Climber's Widow Tells Her Story

Karen James and Katie Couric

Karen James knew her husband Kelly's passion was climbing. After all, he proposed to her atop Seattle's Mount Rainer.

She had good reason to hold on to hope. The 48-year-old landscape architect was a 25-year veteran mountaineer who had already successfully scaled some of the most treacherous summits in the world.

But on Sunday, 12 days after Kelly James and his two companions, Brian Hall and Jerry Cooke, began their hazardous trek up Mount Hood, his family's worst fears were realized.

Though an autopsy revealed no broken bones, officials have speculated some kind of injury led him to take refuge in the snow cave that would become his tomb. But James, a father of four children, chose not to tell his family about the gravity of his situation when he placed his last cell phone call to them on Dec. 10.

CBS Evening News anchor Katie Couric sat down for an exclusive interview with Karen James.

Karen James: It's the kind of a call that you would never want to receive. And so, we both were acting, and it was like there was nothing wrong. I could tell by his voice that he was in trouble. And I told him I just decorated the Christmas tree and that he needed to come home and see it. He said he would. And I told him I loved him. He told me he loved me. And I told him to stay warm and stay awake.

Katie Couric: He told you he was cold and only had a half an orange?

James: He told the boys that, that he was cold and he was wet and he was weak.

Couric: Karen, it was a week between that last cell phone conversation and when Kelly was found. I can't imagine what that week was like for you.

James: Every morning, the only thing I wanted to do was try to save my husband. And from the moment I woke up till the moment I went to bed, I would talk to him and tell him to hold on. It was all-consuming. But I'll tell you, the rescue workers, the Sheriff's Department, everybody up there, it was a family. It was in the worst of the worst we saw the best of the best.

Couric: Karen, when word came that they had found Kelly, what did they tell you?

James: The sheriff came in and he said, "I have bad news. We have a body and it's deceased. And we need to identify it." I said, "look for Kelly's ring." The rescue worker that came to see Frank, he found Kelly, he said that when he walked into the cave it was so peaceful, and so serene. And there was Kelly. He was lying on his side with his head on his pack like we've seen a million times when he's been camping. And he had taken off his right glove, and he folded every finger back except the signature ring and put it out. And he knew. He wanted to be identified, and he wanted to come home to us. And when we told the kids, they were so proud of him because he had, he was still thinking of us, to say "look who I am, and it's time to come home."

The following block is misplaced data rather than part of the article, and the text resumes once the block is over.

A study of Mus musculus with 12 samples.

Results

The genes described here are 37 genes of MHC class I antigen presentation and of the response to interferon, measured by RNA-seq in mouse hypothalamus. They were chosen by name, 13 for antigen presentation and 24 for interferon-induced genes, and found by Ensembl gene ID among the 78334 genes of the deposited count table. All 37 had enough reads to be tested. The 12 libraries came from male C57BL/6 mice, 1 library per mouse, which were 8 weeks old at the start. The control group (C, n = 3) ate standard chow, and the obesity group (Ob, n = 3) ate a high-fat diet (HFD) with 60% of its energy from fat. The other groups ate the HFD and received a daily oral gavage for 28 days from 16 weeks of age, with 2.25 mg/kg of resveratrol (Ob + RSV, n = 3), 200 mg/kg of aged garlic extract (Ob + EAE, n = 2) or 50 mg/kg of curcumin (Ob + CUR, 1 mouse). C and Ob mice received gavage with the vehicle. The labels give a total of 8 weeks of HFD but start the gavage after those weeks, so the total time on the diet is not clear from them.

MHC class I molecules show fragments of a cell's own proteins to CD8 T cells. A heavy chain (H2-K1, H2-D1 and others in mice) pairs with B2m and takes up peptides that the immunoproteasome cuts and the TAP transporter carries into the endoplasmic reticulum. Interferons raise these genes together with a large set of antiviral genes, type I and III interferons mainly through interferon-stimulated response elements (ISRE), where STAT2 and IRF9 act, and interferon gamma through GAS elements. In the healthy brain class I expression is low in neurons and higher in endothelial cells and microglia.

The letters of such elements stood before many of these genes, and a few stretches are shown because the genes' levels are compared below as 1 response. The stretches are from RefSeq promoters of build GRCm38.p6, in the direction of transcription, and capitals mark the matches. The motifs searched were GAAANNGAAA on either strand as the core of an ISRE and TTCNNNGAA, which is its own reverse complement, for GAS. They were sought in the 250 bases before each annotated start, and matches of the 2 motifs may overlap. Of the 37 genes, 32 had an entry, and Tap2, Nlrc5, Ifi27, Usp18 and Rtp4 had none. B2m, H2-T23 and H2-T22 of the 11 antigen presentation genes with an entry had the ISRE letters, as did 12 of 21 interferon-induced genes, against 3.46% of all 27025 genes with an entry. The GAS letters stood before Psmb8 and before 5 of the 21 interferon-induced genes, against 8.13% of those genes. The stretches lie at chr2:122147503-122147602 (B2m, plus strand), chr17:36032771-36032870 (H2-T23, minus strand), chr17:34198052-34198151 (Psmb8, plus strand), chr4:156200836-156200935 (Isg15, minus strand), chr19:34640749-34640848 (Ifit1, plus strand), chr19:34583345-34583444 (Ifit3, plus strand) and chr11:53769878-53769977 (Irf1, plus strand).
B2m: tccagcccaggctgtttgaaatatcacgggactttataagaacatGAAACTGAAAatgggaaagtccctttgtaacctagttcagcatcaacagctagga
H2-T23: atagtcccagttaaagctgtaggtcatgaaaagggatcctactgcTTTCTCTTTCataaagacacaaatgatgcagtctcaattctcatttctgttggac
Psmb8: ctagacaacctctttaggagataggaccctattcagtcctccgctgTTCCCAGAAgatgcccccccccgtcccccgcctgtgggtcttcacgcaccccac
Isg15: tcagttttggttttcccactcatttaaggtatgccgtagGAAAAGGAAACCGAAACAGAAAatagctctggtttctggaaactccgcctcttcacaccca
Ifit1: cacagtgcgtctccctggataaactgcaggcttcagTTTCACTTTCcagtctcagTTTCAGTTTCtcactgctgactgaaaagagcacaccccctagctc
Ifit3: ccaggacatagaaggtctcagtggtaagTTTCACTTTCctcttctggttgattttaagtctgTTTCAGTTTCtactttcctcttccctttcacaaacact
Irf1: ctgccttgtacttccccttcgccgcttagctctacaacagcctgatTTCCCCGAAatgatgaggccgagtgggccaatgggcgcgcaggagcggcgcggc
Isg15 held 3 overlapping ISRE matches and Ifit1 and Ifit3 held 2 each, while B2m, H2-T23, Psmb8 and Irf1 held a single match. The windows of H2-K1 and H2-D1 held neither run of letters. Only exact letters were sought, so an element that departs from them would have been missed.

Couric: Is there any part of you that's angry that he did this?

James: I'm not angry. I'm really sad our journey is over, for a while. And I miss him terribly. But he loved life so much, and he taught me how to love. He taught me how to live. And I don't know how you can be angry at someone who loved their family, who loved God, and had so many friends and gave back so much more than he took.

Couric: Kelly had four children when you all got married. His kids range from 12 to 25, and Jack's just 12.

James: Kelly loved his kids more than life itself. The kids were everything to him. Kelly taught them so much.

Couric: How do you think Kelly would want people to remember him?

James: Kelly was the biggest optimist you'd ever meet. And Kelly really wanted people to seize the day and he lived every day to the fullest, love as much as you can, live as much as you can and appreciate people around you. And he's taught me that, and he's taught the kids that. And that's why I kind of feel I hit the lottery of life in men because I got to take a journey, and it wasn't long enough, but I got to take a journey with a man who just took me to the moon the back. And I'm very thankful for that.

James: Kelly had this little ornament, and he's had it since he was little. And it's a manger. It's just this little plastic thing. And it's always the tradition that Jack and Kelly put it on the tree together. And so I said this Christmas, we're going to put that ornament on the tree. And one of the things that we really understand about Christmas is that little baby born in a barn is the reason our family has so much strength now. And that is really important to Kelly.

Couric: It sounds as if your faith was strengthened by this whole ordeal. But it must have been tested, too.

James: No, it was never tested. And Kelly said, you know, I remember one time we were watching TV and he said to me, "I can't wait to go to heaven." And I said, "What?" We were watching some show that had nothing to do with it. And he said, "Yeah, that's going to be really cool." And I said, "You know, can you, can you hold off? Can we ... can we wait?" But he wasn't scared. And so those conversations are what I hold on to.

Couric: Is there any lesson for either other climbers or just for people in general from what's happened?

James: I've told a friend, a colleague of mine who I work with, hold your wives really, really tight because you don't know when our journey's going to end. And my journey ended with an 'I love you." And ... for others, if their journey ends with an "I love you," it's a lot to hold onto.

Tune in to Friday's The Early Show for more of the interview.